Michigan is Allowing Nestle to Draw More Groundwater for Bottled Water


Nestle was granted a permit to increase its groundwater withdrawal from 250 gallons per minute to 400 gallons per minute. The Michigan Department of Environmental Quality (MDEQ) was the organization that granted the company this permit to extract the water from the White Pine Springs for the purpose of selling bottled drinking water.  

This approval comes after earlier last month it was discovered that about 64% of bottled water is tap water.  

The approval went through despite, almost universal opposition from the residents in the White Pine Springs area. A lot of the residents are also pointing to the fact that there is a $200 yearly fee to pump the water from its wells, and the fee is not increasing even though Nestle is prepared to pump even more water this year. 

Approximately 120 miles away from the White Pine Springs well is the lead poisoned city of Flint. Which has angered a lot of citizens, because they see their communities water supply being privatized in the face of Flint’s years-long water drinking crisis? Due to water bottle companies, residents have been billed hundreds of dollars for water they can’t drink.  

“Michiganders know that no private company should be able to generate profits by undermining our state’s precious natural resources, which is why an unprecedented number of people spoke up to oppose this permit, out of 81,862 comments filed by the people of our state, only 75 of them were in favor of the permit.” ,” State Sen. Rebekah Warren, D-Ann Arbor told the Detroit Free Press this (she serves on the Senate’s Natural Resources Committee).  

MDEQ responded to accusations and the critics who are blaming the organization for allowing Nestle to pump more water for their company by saying that the application sent by Nestle met all of the requirements under the Michigan Safe Drinking Water Act.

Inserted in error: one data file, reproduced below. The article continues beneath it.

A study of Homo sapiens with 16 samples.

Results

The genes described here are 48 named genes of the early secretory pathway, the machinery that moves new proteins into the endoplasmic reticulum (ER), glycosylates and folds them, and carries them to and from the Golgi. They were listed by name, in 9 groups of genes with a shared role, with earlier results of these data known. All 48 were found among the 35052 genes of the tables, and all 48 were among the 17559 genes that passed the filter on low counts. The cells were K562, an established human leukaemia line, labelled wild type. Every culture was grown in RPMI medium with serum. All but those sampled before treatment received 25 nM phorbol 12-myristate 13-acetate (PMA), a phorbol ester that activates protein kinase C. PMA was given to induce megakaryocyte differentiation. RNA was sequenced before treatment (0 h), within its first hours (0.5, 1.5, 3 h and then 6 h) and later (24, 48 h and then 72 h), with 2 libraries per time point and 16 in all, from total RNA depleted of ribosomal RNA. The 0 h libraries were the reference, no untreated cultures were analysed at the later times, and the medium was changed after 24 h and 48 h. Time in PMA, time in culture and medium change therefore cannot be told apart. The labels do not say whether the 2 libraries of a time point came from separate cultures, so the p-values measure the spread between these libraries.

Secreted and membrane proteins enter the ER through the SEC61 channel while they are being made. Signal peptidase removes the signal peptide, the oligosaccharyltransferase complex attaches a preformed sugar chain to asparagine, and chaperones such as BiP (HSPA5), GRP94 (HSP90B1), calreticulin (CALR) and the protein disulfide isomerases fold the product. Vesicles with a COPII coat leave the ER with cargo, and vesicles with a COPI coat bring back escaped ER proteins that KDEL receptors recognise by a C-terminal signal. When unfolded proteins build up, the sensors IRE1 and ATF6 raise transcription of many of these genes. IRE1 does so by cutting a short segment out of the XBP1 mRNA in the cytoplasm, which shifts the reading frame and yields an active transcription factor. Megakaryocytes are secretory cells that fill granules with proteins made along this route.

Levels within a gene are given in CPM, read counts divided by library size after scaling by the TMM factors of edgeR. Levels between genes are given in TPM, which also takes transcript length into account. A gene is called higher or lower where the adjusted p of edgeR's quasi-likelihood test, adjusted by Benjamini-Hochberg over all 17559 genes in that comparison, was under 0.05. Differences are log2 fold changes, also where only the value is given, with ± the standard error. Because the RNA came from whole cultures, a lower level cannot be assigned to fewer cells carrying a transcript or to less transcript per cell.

“The scope and detail of the department’s review of the Nestlé permit application represents the most extensive analysis of any water withdrawal in Michigan history, we are hopeful that whether residents agree with the Nestlé permitting decision or not, they will acknowledge and respect the work that MDEQ staff did to thoroughly and conscientiously apply the law in reviewing the permit, said C. Heidi Grether, director of MDEQ. 

She also added, “In full transparency, the majority of the public comments received were in opposition of the permit, but most of them related to issues of public policy which are not, and should not be, part of an administrative permit decision. We cannot base our decisions on public opinion because our department is required to follow the rule of law when making determinations.” 

In order for Nestle to actually go through with this, the company has to prepare a monitoring plan that is consistent with all of the requirements of the permit, and then submit everything to MDEQ before it is authorized to take more water.  

The Michigan League of Conservation Voters has severely criticized the MDEQ’s decision by tweeting, “Sadly, the DEQ chose to give the green light to Nestlé to continue pumping our water—hanging a ‘For Sale’ sign on Michigan’s water resources at a time when communities across our state lack safe, affordable access to drinking water.”  

Nicholas Occhipinti is the organization’s government affair director, and he told a Michigan Radio Station about how hard it is for people in Michigan to see their water pumped out of the watershed for other states to use.  

What do you think about MDEQ’s decision in light of Michigan’s recent water problem?